By means of the recent resolution no. 4117/2020, issued on July 24, 2023, the Central Economic-Administrative Court (TEAC) has modified its previous criteria in relation to how it determines the basis for penalties in cases of corporate simulation. This modification is based on the doctrine established in Supreme Court decision no. 770/2023, dated June 8.
Under this new perspective, when a partnership simulation has been declared and all the activity is considered to correspond to the partner, thus eliminating the intermediate entity for regularization purposes, the basis of the penalty will be calculated as the difference between the amount not paid by the individual and the amount paid by the partnership declared as simulated. This differs from the approach applied in cases of related-party transactions, where the basis of the penalty is calculated as the amount not paid by the individual.
In this regard, it is essential to recall the criteria established by the aforementioned Supreme Court ruling no. 770/2023, of June 8:
- The question of objective interest in the case has already been answered in a previous judgment and that legal doctrine must be followed.
- The sanctioning power of the State must respect the principles of legality and typicity. The Administration cannot classify an infringing conduct as related-party transactions or simulation without adequately justifying the differences that justify the classification.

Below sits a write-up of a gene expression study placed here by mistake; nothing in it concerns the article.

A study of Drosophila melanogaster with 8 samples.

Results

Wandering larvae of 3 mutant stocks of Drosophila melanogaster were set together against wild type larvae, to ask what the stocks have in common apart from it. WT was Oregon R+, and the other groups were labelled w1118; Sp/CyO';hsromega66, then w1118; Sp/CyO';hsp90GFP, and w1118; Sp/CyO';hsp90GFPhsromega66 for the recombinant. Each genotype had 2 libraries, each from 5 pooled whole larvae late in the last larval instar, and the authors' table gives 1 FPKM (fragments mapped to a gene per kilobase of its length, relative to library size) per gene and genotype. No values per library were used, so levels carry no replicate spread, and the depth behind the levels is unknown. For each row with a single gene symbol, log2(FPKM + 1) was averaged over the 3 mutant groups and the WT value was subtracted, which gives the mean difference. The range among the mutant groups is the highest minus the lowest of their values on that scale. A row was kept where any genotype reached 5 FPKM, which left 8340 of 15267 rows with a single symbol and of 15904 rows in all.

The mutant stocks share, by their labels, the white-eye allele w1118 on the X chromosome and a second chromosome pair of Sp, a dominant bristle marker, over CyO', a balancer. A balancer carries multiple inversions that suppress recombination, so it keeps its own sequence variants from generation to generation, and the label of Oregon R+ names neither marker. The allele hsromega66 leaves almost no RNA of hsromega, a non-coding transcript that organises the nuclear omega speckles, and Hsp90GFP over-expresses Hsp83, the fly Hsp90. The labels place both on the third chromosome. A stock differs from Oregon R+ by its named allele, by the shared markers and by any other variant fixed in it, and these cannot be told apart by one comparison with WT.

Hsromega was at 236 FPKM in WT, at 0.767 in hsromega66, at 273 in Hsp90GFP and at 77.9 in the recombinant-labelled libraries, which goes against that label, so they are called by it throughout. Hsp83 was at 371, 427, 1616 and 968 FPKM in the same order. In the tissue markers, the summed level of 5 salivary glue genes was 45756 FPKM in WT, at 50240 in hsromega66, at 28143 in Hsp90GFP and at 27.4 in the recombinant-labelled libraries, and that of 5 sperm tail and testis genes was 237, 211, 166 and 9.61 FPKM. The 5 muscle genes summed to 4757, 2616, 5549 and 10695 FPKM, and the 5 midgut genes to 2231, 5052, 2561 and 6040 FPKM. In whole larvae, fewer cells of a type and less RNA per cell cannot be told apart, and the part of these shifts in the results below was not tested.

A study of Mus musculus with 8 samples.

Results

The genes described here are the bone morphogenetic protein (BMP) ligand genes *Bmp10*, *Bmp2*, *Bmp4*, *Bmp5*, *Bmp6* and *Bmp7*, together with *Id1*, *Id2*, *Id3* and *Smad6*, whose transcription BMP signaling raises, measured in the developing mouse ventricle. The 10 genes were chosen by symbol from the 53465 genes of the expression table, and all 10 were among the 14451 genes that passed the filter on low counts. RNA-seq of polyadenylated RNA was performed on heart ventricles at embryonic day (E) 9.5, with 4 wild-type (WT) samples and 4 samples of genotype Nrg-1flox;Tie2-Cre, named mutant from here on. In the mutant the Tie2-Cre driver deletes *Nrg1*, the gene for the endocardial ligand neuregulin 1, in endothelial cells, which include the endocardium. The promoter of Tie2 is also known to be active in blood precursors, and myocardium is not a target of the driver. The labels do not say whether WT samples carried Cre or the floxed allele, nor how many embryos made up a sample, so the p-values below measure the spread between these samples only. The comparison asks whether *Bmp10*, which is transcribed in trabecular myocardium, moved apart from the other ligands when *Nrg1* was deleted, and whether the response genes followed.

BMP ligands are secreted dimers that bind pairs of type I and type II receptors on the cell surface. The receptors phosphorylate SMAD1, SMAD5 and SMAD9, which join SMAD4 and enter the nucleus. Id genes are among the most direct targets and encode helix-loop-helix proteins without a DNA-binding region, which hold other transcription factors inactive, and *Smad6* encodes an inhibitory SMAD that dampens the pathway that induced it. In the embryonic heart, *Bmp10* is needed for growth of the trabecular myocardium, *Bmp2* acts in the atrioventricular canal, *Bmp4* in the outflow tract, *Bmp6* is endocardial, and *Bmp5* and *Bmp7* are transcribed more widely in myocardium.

- If it is legally possible to classify infringing conduct differently, the interpretation most beneficial to the infringer must be chosen. In this case, the conduct is considered minor, since the economic damage to the Treasury is limited to the difference between what should have been paid by the individual and what has already been paid by the simulated entity in relation to the same income.
In view of the aforementioned doctrine, the TEAC has changed its approach regarding how the basis of penalties is calculated in cases of corporate simulation. Now, when a company is declared to be simulated and all activities are considered to belong to the partner, the basis of the penalty is calculated as the difference between the amount not paid by the individual and the amount paid by the shell company. This differs from the cases of regularization for related-party transactions, where the basis of the penalty is calculated as the amount not paid by the individual.
In the resolution in question, the TEAC determined that the State Tax Administration Agency (AEAT) had calculated the penalty without considering the amounts already paid by the shell company, so the penalty is partially annulled and its recalculation is ordered following the new criteria, with the possible refund of excess amounts and the corresponding interest.
In addition, the TEAC refers to a recent Supreme Court ruling which establishes that, when calculating the economic loss for the Treasury in the graduation of penalties, the net amount, which includes payments on account, withholdings and installment payments, must be used. This criterion must be considered by the tax inspection when executing the resolution.